There are many times when I say to myself or to family and friends, how I wish there could be an extra day of the week to do nothing, where appointments written out on my Planner Pad calendar or AJT article and art project deadlines noted in red on certain pages would instead show a blank space. In today’s pandemic, one would think I would have had more time to unwind, to relax since my husband and I shelter in place as much as possible, but it seems that Zoom has taken over along with taking on new projects and assignments to fill up each day, plus continuing to lead the different roles of being a supportive wife, parent and grandmother.
So where can I ever find that extra day? Is it a figment of my imagination to have it exist? Shabbat’s 24-hour respite had its own rhythms, but it’s not a totally new day without a program.
When wanting to learn more about Jewish holidays, I use “The Jewish Holidays: A Guide & Commentary” by Michael Strassfeld with illustrations by Betsy Platkin Teutsch (Harper & Row, 1985). From that book, I found how Torah prescribes the extra day that I long for, called Shemini Atzeret, known as the eighth day. From Numbers: 29:36, the Torah reads that “On the eighth day, you shall hold a solemn gathering (atzeret); you shall not work at your occupation.”
Just as with so much of Jewish text, rabbis and individuals continue to interpret the words of Torah, to make sense for the modern world. Even though there are no specific rituals to conduct commanded by Torah, it comes at the end of the seven-day festival of Sukkot.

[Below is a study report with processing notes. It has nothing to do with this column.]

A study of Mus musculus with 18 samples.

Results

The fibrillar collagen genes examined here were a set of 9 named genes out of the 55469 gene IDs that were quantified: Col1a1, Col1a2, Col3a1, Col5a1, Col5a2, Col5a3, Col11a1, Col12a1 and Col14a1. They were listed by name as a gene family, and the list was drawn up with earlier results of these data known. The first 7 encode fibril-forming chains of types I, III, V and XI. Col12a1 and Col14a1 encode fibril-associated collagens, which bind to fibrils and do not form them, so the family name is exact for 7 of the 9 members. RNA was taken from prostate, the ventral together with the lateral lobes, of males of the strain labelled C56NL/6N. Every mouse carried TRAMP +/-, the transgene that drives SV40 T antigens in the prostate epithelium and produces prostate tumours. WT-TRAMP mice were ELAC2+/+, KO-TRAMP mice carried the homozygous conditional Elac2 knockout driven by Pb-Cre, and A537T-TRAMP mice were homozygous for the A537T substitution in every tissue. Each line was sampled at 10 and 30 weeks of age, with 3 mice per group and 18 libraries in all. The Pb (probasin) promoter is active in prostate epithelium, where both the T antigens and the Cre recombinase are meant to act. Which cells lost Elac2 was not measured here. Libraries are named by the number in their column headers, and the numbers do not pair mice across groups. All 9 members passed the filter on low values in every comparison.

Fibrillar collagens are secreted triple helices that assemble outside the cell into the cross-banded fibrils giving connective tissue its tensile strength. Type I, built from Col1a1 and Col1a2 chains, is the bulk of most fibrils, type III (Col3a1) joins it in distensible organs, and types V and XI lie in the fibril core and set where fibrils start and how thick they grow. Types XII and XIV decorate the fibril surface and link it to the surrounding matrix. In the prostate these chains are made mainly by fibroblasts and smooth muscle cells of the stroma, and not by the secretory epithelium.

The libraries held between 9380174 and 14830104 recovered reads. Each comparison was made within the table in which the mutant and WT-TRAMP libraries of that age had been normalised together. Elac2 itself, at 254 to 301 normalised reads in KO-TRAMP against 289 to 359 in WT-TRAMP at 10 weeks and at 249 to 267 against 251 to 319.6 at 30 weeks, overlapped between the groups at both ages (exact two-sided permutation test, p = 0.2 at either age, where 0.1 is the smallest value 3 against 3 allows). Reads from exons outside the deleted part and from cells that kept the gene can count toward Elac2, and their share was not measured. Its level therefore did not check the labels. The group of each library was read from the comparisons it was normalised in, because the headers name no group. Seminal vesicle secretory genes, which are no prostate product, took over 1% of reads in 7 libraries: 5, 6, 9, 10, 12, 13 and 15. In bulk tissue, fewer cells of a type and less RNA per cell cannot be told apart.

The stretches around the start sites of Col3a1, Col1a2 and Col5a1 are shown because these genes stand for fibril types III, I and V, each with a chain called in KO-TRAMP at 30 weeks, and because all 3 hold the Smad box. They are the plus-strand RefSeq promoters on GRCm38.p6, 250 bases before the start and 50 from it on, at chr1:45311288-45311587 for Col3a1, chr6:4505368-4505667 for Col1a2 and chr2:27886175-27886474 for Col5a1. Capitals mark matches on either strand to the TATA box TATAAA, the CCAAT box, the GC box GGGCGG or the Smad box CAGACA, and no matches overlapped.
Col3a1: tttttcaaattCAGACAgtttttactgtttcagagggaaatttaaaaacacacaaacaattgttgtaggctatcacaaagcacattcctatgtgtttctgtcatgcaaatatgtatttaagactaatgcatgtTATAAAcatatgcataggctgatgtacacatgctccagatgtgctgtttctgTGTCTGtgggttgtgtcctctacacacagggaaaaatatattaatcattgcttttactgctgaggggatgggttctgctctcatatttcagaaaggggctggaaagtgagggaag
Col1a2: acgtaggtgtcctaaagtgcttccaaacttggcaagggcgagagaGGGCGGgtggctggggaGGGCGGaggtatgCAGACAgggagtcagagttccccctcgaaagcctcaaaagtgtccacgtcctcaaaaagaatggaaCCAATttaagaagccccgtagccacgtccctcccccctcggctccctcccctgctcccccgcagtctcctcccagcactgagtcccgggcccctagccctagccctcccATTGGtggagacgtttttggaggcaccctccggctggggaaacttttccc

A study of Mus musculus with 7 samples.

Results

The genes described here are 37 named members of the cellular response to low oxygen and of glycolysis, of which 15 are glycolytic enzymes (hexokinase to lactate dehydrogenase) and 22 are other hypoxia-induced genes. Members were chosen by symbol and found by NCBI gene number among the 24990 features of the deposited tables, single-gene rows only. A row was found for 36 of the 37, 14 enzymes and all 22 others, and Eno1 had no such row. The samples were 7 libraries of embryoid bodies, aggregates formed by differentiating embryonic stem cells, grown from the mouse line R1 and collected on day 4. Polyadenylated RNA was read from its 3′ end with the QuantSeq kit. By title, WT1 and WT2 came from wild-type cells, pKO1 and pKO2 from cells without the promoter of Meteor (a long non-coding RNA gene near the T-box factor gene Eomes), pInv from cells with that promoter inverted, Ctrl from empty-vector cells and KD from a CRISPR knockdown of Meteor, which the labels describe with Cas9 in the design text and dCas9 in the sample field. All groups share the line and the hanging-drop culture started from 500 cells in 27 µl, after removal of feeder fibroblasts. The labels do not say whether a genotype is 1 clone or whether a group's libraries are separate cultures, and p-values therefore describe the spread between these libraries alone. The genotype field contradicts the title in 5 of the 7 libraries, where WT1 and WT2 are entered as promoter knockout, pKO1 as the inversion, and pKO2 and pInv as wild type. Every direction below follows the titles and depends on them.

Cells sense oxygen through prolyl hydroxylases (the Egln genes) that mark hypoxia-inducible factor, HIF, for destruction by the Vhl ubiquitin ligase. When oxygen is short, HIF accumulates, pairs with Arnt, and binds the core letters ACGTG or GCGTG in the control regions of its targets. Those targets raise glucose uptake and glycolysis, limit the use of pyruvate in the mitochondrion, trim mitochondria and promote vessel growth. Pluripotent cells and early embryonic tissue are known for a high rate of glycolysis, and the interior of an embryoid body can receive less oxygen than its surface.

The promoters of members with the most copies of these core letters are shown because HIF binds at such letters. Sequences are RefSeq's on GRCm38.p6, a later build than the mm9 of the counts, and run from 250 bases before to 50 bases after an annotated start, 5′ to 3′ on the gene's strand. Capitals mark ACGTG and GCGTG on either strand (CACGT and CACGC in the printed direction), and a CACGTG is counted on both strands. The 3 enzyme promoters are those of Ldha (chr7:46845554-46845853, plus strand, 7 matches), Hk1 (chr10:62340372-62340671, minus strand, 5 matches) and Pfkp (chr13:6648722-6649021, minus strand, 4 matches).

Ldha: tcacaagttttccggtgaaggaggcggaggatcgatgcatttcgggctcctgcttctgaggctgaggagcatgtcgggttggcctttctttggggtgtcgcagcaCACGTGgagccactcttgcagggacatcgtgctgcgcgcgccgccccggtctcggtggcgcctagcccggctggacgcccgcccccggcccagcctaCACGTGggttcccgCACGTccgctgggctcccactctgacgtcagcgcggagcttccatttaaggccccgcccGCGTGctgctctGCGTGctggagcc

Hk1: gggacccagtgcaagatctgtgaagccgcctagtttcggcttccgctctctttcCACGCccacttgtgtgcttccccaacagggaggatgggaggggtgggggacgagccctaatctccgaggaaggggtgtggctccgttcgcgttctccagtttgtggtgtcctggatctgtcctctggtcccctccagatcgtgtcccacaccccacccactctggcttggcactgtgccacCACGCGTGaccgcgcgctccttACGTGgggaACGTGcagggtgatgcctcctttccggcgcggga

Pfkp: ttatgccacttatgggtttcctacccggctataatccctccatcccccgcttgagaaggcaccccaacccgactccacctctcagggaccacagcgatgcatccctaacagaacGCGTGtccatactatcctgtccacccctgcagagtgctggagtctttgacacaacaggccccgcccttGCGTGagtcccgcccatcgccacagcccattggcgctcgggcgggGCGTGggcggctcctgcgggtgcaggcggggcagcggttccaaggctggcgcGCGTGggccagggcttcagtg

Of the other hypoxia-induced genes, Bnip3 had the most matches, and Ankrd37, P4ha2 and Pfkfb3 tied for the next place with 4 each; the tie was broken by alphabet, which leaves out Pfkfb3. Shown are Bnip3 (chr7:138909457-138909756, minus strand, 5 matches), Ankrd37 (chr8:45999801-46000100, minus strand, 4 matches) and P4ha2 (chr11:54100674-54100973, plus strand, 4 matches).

In biblical times, according to Strassfeld, the prayer for rain for the coming year prevailed as the main ritual for Shemini Atzeret, reflecting its agricultural roots. Today the recital of Yizkor also takes place. But for me, the best part of having this “extra day” allows me a full day to daydream, to let me imagine what life can be like in the coming year. I can sit out on my porch with a cup of tea, and if there is a sukkah, to linger in it one more day. Taking time to connect with the natural world with a sense of quiet and reflection is what I need now. Shemini Atzeret inspires me to actually do that this year, before rejoicing with the Simchat Torah agenda, and going back to those appointments and deadlines to finish. One eighth day a year is probably not enough, but it’s a start.
Flora Rosefsky is a regular contributor to the Atlanta Jewish Times.